Monday, February 15, 2010

Puffed up!

If you're from the North of India, you probably would understand the term 'bread puff'. In my ealiest memory,  the puff-maker was a bread toaster, with two concaved rhombuses to hold the bread and the stuffing. It had two long handles, one from the top and the other from the bottom, which locked near the end with a small hook-like contraption that could be swung to a tight closure.  This would be placed over an open flame, being turned often, and opened as often, to see if the bread was done. The perfect bread-puff had to have a brown hue and crustier sides (the part which I enjoyed most).

During my school days, this was a staple tiffin, my recess lunch, the stuffing usually being the remaining dry subzi of the previous night. Aloo was everyone's favourite. My personal combination was to have cheeni puff after every aloo puff. The cheeni puff had a thin layer of white sugar in between the bread slices. Though this puff would be thinner than those with other stuffings, it would also become crispier and sometimes, the sugar inside would even melt a little, remaining half-crunchy, half-absorbed into the spongy bread.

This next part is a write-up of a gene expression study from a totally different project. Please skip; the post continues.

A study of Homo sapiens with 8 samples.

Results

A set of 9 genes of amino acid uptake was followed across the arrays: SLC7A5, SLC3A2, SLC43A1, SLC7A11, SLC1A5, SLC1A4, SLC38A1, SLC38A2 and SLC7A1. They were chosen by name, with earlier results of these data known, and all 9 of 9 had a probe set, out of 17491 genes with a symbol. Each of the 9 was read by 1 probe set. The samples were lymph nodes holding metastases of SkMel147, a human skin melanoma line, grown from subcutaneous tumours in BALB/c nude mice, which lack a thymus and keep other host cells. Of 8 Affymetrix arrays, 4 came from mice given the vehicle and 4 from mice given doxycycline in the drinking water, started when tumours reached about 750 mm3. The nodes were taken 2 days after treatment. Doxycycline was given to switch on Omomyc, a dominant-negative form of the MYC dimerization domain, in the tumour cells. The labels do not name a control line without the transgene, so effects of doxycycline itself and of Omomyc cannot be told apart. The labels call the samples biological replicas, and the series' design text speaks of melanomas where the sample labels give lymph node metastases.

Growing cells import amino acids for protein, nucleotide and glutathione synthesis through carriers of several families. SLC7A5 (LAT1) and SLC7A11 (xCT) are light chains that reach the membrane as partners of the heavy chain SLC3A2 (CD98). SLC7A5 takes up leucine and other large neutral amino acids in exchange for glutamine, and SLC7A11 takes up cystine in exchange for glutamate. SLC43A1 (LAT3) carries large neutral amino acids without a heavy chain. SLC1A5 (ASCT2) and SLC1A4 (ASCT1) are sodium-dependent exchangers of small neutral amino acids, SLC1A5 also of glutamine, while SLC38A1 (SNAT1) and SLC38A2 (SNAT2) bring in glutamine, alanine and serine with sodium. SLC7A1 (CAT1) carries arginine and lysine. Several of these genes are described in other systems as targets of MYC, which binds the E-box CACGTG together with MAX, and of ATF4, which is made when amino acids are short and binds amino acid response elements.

For best results, the bread had to have a generous layer of home-made ghee on both sides (in my later years I have begun to use flavoured olive oil), and the aromas of softly cooking bread, ghee and stuffing made a heady, redolent mix. After I shifted to Mumbai, I only saw the puff-maker at roadside sandwich-walas. When I shifted from a PG into my own place, it was the first kitchen equipment I wanted and I ended up getting the electric-type, with twin slots. Though the outcome is quite tasty, it never matches the puff-taste in my memory. I use this electric, twin-slot puff maker at least thrice a week for a quick breakfast, but I am also searching for a flame heated puff-maker to pander to the taste buds of my memory.

Here is one of the simplest, yet tastiest breakfast meals.
Potato-mash puff

For all puffs, you can lightly spread some olive oil on the outer layer of the bread.

Main ingredients

- 2 potatoes, boiled and mashed well (with the skin)
- 1 medium onion [chopped fine]
- 1 green chilli [chopped fine]
- 1 small cup of coriander leaves [chopped fine]

Other ingredients

- 1/2 tsp Chaat masala
- 1/4 tsp of aamchur
- 1/4 tsp of red chilli powder
- Salt to taste
- 1 tsp Olive oil


Mash all the ingredients well to make the bread stuffing and puff till outsides are brown and crispy.

One can experiment with almost anything in a bread puff. If it can be eaten, it can probably be 'puffed'.